Te Aka Whai Ora is investing $626,000 in Te Puawaitanga ki Ōtautahi Trust to meet demand for services addressing mental health distress being experienced by hapū māmā in Canterbury, informed by both mātauranga Māori and western clinical approaches.

Whānau Whakapuawai was designed and developed by Te Puawaitanga ki Ōtautahi Trust as a whānau-centred service. The programme provides holistic healing for māmā who are experiencing distress during the first 2,000 days of their infant’s life.

The service takes a ‘braided river approach’, integrating mātauranga Māori with elements of Cognitive Behavioral Therapy and Dialectical Behavioural Therapy.

The clinical pathway includes mental health assessments, psychoeducation, individual and whānau therapy sessions, and referrals to supporting agencies as required.

Grounded in mātauranga Māori, whānau also have access to a Kaitohutohu Mātauranga to explore their whakapapa, cultural identity and customary practices, while being given access to rongoā to support their wellbeing.

A ‘drop in’ space or individual hui are also provided, depending on whānau needs and requests. In addition, in response to whānau identifying the need for increased connection, Te Puawaitanga ki Ōtautahi Trust has also developed a weekly drop-in kapa haka session.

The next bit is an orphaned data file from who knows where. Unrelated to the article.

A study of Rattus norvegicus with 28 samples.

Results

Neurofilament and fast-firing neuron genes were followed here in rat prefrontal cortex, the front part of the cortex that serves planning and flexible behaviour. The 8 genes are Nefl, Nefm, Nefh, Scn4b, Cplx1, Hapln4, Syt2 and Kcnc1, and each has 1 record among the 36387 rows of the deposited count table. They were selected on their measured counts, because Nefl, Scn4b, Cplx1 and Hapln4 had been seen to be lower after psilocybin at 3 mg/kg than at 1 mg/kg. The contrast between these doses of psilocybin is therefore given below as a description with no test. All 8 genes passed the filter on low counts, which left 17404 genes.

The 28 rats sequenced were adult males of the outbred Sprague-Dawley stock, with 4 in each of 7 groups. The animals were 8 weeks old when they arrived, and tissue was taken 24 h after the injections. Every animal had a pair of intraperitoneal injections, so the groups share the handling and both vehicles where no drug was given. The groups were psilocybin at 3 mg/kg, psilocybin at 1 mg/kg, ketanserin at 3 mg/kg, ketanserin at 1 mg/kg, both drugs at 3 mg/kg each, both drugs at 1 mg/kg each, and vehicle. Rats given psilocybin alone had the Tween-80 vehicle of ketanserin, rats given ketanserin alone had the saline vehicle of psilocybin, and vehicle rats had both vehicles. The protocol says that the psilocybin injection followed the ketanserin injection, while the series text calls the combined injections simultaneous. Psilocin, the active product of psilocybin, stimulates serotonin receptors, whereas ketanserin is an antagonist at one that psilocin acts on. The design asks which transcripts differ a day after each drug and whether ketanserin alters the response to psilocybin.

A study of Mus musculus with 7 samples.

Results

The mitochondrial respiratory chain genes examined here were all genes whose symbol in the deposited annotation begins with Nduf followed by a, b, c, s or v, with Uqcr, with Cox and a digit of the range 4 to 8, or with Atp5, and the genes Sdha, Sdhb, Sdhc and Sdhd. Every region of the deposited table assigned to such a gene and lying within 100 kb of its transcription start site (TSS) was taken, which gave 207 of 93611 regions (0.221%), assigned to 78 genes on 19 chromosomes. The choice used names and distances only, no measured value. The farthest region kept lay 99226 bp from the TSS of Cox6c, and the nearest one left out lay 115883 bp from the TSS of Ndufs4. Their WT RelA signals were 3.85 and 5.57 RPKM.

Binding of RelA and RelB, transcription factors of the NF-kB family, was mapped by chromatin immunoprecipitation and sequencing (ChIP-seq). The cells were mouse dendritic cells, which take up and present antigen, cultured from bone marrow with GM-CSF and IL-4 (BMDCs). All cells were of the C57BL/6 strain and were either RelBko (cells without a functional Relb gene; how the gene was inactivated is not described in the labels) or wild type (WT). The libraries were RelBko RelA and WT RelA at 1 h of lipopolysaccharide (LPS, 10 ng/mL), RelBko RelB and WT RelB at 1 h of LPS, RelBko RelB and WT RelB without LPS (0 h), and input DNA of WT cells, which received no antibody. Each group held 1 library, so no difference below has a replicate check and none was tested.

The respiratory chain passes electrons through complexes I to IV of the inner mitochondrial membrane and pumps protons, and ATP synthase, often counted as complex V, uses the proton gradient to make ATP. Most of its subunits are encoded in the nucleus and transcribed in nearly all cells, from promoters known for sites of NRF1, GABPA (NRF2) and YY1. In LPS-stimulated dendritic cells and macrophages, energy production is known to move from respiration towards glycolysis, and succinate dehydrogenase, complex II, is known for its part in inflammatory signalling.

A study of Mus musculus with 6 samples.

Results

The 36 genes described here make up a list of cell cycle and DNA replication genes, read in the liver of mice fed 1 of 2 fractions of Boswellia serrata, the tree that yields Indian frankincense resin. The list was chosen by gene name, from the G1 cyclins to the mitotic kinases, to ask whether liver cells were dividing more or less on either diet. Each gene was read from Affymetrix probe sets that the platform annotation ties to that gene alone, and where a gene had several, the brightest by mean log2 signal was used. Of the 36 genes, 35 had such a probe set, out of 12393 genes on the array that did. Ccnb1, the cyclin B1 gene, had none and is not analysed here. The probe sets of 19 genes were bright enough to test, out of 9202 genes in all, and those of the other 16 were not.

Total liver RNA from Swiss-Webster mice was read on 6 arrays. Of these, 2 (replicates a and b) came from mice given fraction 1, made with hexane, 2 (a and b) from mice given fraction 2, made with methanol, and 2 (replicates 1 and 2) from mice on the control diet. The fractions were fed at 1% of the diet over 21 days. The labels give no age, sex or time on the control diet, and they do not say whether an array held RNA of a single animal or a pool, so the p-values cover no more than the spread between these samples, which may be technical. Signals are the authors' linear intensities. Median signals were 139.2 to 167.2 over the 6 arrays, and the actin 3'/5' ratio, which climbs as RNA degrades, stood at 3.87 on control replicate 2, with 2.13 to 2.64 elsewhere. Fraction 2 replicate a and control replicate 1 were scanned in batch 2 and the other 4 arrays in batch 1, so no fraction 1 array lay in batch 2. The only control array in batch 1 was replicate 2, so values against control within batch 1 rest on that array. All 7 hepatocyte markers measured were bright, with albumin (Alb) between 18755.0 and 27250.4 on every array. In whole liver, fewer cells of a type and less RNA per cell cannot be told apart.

As well as receiving individual support, māmā can also take part in group pathways. They are:

  • Rākau Mauri Ora: An 8-week narrative therapy group, which has a focus on developing skills in emotional regulation, uses mindfulness techniques, draws upon the wisdom of pūrākau and mātauranga Māori.
  • Ngāhere Mauri Ora: The follow-on group programme is offered to graduates of Rākau Mauri Ora, which builds on the skills gained and has a focus on community and connection.
  • Manu Tohu Tau: A peer support, tuakana-teina programme designed for graduates of Rākau Mauri Ora to become peer support/mentors for other wāhine experiencing mental health distress. Graduates realise their individual tino rangatiratanga enabling support for wāhine entering Rākau Mauri or requiring support in the community.

Kingi Kiriona, Deputy Chief Executive – Mātauranga Māori from Te Aka Whai Ora, says Whānau Whakapuawai is an example of how utilising mātauranga can result in more effective and holistic care that meets the needs of whānau.

“The Whānau Whakapuawai innovation was born out of a recognition that there was a significant gap in services to assist whānau experiencing maternal mental health issues in the Canterbury region.

“This funding is about creating spaces for Māori where they feel safe enough to access the support that they need.”

So far, 103 whānau have gone through the pilot programme, with continued funding allowing Whānau Whakapuawai to be offered as a service for midwives to refer in hapūtanga and beyond.